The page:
All the lifts in the Chamonix valley

Today I completed my project/target of riding on all the lifts by taking a ride on the Tramway du Mont Blanc, to ski at Les Houches. This completes the task I set myself in December.

I suppose some purists might want to know what I mean by “all the lifts in the Chamonix valley”. Does this include Les Bossons or Plaine Joux? What about lifts that are closed? Please allow me to clarify. I have taken my target to be all the lifts available on the Mont Blanc Unlimited lift pass. I have not been able to use two nursery slope lifts (Vormaine 3 and Petit Chosalet) because they have never been open when I have been there, even though the Compagnie du Mont Blanc (the company that runs the lifts) website said they were open.

So, in meeting my target, I have ridden on 67 different devices, 23 drag or button lifts, 8 cable cars, 2 magic carpets (there are actually three in the valley but one is reserved for ski school), 24 chair lifts, 2 drag ropes, 2 railways and 6 telecabins.

Today was a lovely day to finish the collection off. There had been fresh snow overnight, after the piste bashers had been out, so there was fresh unpisted snow to ski on and the sun was out, at least for some of the time. The views were dramatic with the low cloud appearing now and again.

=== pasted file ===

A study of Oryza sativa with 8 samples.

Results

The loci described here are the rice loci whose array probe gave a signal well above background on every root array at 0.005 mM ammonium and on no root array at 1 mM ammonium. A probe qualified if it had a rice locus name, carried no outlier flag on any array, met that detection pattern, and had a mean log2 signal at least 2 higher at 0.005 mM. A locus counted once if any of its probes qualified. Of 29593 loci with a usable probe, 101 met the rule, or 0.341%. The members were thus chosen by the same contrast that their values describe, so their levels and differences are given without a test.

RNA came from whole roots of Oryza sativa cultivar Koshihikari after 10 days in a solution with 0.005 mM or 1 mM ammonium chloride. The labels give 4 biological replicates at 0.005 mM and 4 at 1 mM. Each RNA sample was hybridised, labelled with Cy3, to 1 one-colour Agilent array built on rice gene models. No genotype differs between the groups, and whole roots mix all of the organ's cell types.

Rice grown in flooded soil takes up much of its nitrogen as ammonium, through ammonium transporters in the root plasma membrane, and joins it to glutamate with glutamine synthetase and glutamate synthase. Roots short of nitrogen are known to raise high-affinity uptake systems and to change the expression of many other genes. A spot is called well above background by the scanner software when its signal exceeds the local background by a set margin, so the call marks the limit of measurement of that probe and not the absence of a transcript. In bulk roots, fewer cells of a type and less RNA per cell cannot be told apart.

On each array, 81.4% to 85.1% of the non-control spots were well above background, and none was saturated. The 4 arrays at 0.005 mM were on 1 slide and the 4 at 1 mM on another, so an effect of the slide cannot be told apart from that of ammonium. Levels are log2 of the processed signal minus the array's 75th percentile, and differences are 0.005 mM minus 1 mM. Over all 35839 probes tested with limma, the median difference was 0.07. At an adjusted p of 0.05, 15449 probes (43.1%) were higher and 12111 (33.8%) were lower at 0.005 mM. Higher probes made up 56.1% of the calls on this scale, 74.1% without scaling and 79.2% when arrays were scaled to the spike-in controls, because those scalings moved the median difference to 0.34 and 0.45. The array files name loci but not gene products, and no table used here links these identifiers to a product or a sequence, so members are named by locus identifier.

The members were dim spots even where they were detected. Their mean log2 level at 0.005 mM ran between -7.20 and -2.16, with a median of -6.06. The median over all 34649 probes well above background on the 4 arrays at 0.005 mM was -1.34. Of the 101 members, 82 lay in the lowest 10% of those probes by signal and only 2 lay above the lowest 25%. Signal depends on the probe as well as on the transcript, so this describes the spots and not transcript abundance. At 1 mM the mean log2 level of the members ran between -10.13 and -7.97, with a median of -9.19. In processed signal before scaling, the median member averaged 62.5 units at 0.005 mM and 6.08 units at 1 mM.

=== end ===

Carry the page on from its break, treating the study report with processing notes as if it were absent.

View up the Chamonix valley from Prarion

View up the Chamonix valley from Prarion

The Tramway du Mont Blanc runs from Le Fayet-St Gervais les Bains up to Bellevue (1794m). It provides a glorious viewing platform for the Bionassay valley and glacier. In the summer it goes higher to Nid d’Aigle  (2372m) and is the highest rack and pinion railway in France. But in the winter snow prevents it going beyond Bellevue. The railway line is now electrified, but originally used steam locomotives and, later, diesel. It has a maximum gradient of 24%. It was built in 1907 following approval for the development up to Col de Voza in 1905. In 1909 the tramway was fully operational but only managed to take an average of 103 passengers per day; a rate that covered less than half of the running costs. A postcard from 1920 shows a steam train on the line on its way to Nid d’Aigle


We have travelled on the Tramway several times before and always taken note of the name of the engine, Jeanne, Marie or Anne. These were apparently the names of the daughters of the tramway owner when it was electrified in 1956.